Do Developers Need to Work on Their Bedside Manner?

I was recently asked a question regarding our developers and whether they should be representing the IT groups on conference calls with senior leaders. This is a very interesting question. Common stereotypes suggest that a developer has problems relating to people, often using lingo much too technical for their audience, blowing by business issues and going straight toward technical concerns as the primary objective.

In my experience, the results are varied. For some, this stereotype definitely holds true. These developers mere presence on the call means there are highly technical items to discuss, and you will be discussing them whether you want to or not. This type of person typically makes it difficult to focus on the core issue and a potential resolution or decision. The other type of developer I run into –slightly more regularly– are those that have a very good grasp of business concerns. They have attended enough business discussions and requirements gathering meetings or demos to get good at understanding of the level at which business partners interact and converse. This person is very relaxed, confident, but not presumptuous about another persons ability to comprehend or even care about highly technical concerns. I think this type of developer has worked on their “bedside manner”.
Bedside Manner
In medical parlance, this term means that a doctor brings the conversation to the patient, and does so with a human-centered, respectful mindset. Essentially it means they can “communicate” with their patient. A basic encyclopedia definition of the term says, “A good bedside manner is typically one that reassures and comforts the patient. Vocal tones, body language, openness, presence, and concealment of attitude may all affect bedside manner.”

I cannot think of a better term to use to describe what I feel is a skill that ALL developers and team members need to master. Why? Well, I can think of 4 reasons why a good developer “bedside manner” is important to the agile software developer.

1 – Communication is King!

In today’s complex technical landscape, communication is king! If we as developers don’t have the ability to communicate changes, inquire about a business person intentions, seek clarity, and help the customers refine their needs, then the promise of agility is lost. It is even more critical today that we as developers and team members are able to communicate in the language of the users. This is evident from our daily interactions in stand ups, through our ability to help craft artful user stories.

2 – Teams, They Are a Changin!

On agile teams, more often then not a non-technical business person is part of the team. When that is the case, every conversation cannot revolve around the most granular, hard core technical topics of the hour. In fact, even without business people in the room, an agile developer is more likely to encounter the need to converse in the language of the business when discussing requirements with BA’s, or exit/done criteria with testers and QA.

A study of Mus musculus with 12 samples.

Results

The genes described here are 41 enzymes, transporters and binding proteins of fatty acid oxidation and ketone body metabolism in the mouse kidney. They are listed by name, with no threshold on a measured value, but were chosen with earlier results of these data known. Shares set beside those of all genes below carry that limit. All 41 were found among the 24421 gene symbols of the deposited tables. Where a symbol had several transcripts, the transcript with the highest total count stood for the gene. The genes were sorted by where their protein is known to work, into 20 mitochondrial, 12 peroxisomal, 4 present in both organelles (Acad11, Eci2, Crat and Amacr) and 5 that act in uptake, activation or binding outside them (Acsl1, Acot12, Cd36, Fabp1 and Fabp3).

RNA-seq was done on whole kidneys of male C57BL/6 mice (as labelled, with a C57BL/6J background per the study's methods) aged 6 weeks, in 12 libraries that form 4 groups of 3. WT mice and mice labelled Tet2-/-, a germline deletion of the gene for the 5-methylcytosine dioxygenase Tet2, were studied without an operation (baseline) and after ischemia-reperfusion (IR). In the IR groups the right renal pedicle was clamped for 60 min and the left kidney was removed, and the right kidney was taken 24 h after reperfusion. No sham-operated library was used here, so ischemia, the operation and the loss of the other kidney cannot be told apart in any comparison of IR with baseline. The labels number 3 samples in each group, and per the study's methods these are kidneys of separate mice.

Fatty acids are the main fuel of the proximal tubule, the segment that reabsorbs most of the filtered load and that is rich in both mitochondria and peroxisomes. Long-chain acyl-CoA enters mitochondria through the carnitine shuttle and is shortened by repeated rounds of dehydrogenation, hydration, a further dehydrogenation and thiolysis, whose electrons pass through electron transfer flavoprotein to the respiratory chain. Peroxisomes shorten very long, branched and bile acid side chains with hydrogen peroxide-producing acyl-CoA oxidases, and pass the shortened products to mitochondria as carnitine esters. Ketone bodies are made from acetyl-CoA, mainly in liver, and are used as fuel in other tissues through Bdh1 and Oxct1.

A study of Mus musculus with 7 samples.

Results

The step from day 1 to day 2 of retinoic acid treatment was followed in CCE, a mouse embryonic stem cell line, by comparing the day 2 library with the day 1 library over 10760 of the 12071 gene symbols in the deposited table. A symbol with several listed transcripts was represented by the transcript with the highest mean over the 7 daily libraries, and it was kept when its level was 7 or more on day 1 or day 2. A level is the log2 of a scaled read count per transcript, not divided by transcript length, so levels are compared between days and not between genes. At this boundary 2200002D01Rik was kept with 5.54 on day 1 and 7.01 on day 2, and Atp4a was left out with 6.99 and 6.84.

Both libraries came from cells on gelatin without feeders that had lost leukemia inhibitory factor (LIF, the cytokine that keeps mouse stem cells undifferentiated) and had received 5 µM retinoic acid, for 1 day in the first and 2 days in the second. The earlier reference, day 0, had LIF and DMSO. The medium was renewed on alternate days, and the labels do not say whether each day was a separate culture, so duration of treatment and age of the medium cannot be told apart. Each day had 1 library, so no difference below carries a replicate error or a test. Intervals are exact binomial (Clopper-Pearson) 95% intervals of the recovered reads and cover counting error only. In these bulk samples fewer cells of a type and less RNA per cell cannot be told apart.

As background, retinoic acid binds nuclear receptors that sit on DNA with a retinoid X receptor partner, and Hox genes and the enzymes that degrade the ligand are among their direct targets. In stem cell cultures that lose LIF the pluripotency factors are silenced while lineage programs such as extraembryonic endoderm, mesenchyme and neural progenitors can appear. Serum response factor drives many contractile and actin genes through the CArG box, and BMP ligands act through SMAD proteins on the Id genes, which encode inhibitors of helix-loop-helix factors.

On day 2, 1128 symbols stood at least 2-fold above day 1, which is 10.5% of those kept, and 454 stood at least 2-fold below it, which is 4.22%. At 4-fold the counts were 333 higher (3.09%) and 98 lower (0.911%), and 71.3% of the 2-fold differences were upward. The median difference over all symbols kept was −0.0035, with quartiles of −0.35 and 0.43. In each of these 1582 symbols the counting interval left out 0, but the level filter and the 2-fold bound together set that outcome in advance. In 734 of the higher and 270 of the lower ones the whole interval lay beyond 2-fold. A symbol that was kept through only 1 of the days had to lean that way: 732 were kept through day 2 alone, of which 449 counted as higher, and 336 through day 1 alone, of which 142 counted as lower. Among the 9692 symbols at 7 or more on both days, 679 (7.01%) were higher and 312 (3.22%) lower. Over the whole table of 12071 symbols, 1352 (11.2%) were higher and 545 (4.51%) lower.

3 – Which One of You is the Architect?

The roles on a software development team are continuing to be blurred. Developers can no longer be insulated from other roles in the organization. When problems are brought to the team, we can no longer hide behind the one or two developers who “are good in front of the business”. We are ALL in front of the business. We all have similar titles and multifunctional roles, not to mention responsibilities for demoing working software. At no point can we feel like communication can be left to the team lead or the architect. Those roles are being blurred and we all need to pick up those characteristics to be successful.

4 – Shameless Self Promotion

Developers need to be aware that communication and successes with business partners also affects their ability to be promoted and make more money. This one seems obvious, but to many developers its not. I can’t tell you how many “one on ones” I have been in where a developer will say, “Communicating isn’t my strong suit. Just tell me what to build and I’ll build it!” This is wrong on so many levels, but the main one is this: communication is part of the gig. If your code is elegant, and your solutions are brilliant, but don’t address the business person need, we are still NOT delivering value. If you want to do that type of development, go work in academia or do research. In the business environment, the organizations ability to realize value hinges on our ability to extract the essence of a business persons desires for a system, and codify them for our customers. And at the end of the day, if that runs smoothly, everyone is rewarded.

2 thoughts on “Do Developers Need to Work on Their Bedside Manner?